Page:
Style and Technique

(Comprehensive Guide to Short Stories, Critical Edition)

De la Mare’s discursive intentions have been tempered in “A Revenant” by the machinery he employs to lend both mystery and importance to the presence of a ghost at Professor Monk’s lecture. His gradual introduction of the stranger, for example, piques the reader’s interest primarily by what is not told. Initially, no reason is offered for the professor’s disquiet, but a series of incomplete ideas leads to the latecomer’s introduction; “one single exception,” “he knew why,” “Then what was wrong?” are offered, paragraphs apart, without completion, raising questions in the reader’s mind: Who is the exception? What is the reason the professor knows? Why does he not answer the question?

Again, Professor Monk’s “punctual interruption” is presented in terms appropriate to the occasion. The story’s first notice of the “sudden, peculiar, brief, strident roar” describes it thus: “On his way to the Hall he had noticed—incarnadining the louring heavens—what appeared to be the reflected light from the furnaces of a foundry. Possibly it was discharging its draff, its slag, its cinders.” The next explicit notice of this infernal interruption occurs when it takes the position of a place-name in the specter’s statement, “I am from . . . ” It is noticed again as Professor Monk hesitates before leaving the anteroom of the lecture hall. This foundry’s presence, then, provides a structurally significant objective correlative for the revenant’s larger meaning when he asks, “Is there not a shade of the Satanic in these streets?”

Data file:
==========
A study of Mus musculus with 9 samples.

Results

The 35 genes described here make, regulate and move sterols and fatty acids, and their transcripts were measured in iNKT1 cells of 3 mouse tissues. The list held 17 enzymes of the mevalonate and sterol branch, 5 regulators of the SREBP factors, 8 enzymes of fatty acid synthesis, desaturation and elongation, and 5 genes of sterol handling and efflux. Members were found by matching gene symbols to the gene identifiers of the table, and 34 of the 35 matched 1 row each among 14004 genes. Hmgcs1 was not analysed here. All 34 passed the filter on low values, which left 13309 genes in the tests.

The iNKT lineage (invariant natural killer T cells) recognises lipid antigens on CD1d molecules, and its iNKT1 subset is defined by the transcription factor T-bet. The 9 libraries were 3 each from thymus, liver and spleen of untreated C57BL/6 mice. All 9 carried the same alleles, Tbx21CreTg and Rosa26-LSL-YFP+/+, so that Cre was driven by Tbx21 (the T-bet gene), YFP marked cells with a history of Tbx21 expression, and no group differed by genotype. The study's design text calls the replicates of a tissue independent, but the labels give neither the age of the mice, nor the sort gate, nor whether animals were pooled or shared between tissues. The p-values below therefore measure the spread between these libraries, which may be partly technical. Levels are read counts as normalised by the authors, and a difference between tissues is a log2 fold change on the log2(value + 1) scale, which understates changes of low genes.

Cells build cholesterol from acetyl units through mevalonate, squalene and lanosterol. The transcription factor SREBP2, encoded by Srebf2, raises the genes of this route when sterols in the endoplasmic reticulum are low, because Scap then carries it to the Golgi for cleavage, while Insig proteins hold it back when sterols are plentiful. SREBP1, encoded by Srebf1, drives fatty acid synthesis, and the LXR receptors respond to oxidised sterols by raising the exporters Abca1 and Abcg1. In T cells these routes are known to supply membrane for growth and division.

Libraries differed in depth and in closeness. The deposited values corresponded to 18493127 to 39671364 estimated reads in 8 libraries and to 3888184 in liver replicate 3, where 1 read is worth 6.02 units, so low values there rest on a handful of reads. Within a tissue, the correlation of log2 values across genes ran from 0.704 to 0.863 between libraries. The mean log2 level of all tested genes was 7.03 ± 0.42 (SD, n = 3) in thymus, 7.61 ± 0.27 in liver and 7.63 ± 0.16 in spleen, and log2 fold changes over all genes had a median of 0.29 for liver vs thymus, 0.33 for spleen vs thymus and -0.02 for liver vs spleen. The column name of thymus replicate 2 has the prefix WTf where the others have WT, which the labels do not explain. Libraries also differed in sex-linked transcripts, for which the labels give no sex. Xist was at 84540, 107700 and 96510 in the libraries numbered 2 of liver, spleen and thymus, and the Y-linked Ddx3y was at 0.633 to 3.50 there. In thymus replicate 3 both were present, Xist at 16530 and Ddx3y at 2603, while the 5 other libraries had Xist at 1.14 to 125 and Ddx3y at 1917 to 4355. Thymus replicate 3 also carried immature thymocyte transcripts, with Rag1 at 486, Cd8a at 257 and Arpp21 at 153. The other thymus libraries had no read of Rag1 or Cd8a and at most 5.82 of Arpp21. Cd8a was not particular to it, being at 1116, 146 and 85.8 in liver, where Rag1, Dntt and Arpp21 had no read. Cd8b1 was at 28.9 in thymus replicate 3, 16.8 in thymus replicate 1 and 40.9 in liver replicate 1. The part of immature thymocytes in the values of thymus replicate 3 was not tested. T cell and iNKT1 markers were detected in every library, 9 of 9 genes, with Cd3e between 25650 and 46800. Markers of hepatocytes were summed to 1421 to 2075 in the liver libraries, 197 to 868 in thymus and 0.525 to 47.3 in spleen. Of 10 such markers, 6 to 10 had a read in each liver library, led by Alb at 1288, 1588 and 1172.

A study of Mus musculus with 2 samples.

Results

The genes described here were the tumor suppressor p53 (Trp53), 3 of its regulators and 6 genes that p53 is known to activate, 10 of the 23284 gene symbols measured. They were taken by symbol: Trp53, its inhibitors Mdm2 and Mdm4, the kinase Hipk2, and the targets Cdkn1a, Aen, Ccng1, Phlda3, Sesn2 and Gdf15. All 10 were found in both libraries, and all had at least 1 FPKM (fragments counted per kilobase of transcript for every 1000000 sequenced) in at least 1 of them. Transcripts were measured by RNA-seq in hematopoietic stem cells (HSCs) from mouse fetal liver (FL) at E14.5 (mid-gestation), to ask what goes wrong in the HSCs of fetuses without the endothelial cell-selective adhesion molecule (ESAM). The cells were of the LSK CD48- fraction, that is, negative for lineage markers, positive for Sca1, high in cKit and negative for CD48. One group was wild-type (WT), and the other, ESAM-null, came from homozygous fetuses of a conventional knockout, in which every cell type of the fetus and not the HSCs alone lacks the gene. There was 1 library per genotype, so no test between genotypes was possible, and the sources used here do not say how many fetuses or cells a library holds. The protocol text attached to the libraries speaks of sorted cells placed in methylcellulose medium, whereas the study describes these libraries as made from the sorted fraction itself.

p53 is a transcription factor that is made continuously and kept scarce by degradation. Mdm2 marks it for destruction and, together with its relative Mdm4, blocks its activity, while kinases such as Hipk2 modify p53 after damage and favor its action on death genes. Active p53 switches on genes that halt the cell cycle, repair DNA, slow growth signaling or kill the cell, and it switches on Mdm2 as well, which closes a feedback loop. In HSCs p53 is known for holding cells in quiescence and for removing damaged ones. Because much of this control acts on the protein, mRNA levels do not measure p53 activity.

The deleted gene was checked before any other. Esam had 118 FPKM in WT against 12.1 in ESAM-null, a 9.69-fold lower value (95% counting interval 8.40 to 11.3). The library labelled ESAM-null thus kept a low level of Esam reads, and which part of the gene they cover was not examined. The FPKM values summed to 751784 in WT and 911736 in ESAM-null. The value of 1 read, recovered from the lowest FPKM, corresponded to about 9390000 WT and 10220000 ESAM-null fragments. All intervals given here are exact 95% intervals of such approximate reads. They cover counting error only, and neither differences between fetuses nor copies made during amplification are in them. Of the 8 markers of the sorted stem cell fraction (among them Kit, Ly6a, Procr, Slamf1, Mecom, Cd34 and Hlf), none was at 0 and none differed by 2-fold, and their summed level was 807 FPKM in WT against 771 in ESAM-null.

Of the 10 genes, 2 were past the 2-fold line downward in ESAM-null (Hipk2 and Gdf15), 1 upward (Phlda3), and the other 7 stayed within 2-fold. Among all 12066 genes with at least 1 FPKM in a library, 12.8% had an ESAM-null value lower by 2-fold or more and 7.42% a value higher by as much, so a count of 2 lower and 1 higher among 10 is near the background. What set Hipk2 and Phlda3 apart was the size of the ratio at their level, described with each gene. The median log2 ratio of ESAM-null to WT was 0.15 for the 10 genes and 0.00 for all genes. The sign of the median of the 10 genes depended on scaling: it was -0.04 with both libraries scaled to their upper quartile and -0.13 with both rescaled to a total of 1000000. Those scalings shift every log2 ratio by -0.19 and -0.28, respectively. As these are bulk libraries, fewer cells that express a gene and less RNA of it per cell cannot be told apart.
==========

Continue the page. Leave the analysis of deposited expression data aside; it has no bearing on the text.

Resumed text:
Finally, the “piercing cold” of the specter’s hand acts on Professor Monk as spiritual shock therapy: “A sigh shook him from head to foot. A slight vertigo overcame him. He raised his hand to his eyes. For an instant it seemed to him as though even his sense of reality had cheated him—had foundered.” De la Mare has, then, used the ambivalent reality of life and death, waking and sleeping, to call into question the limitedness of Professor Monk’s sense of the reality of art and the imagination; the ghost of Edgar Allan Poe is sent to remind Professor Monk—and the reader—that logic is only half the tale and that the transcendent invites “cachinnation” only from “fools.”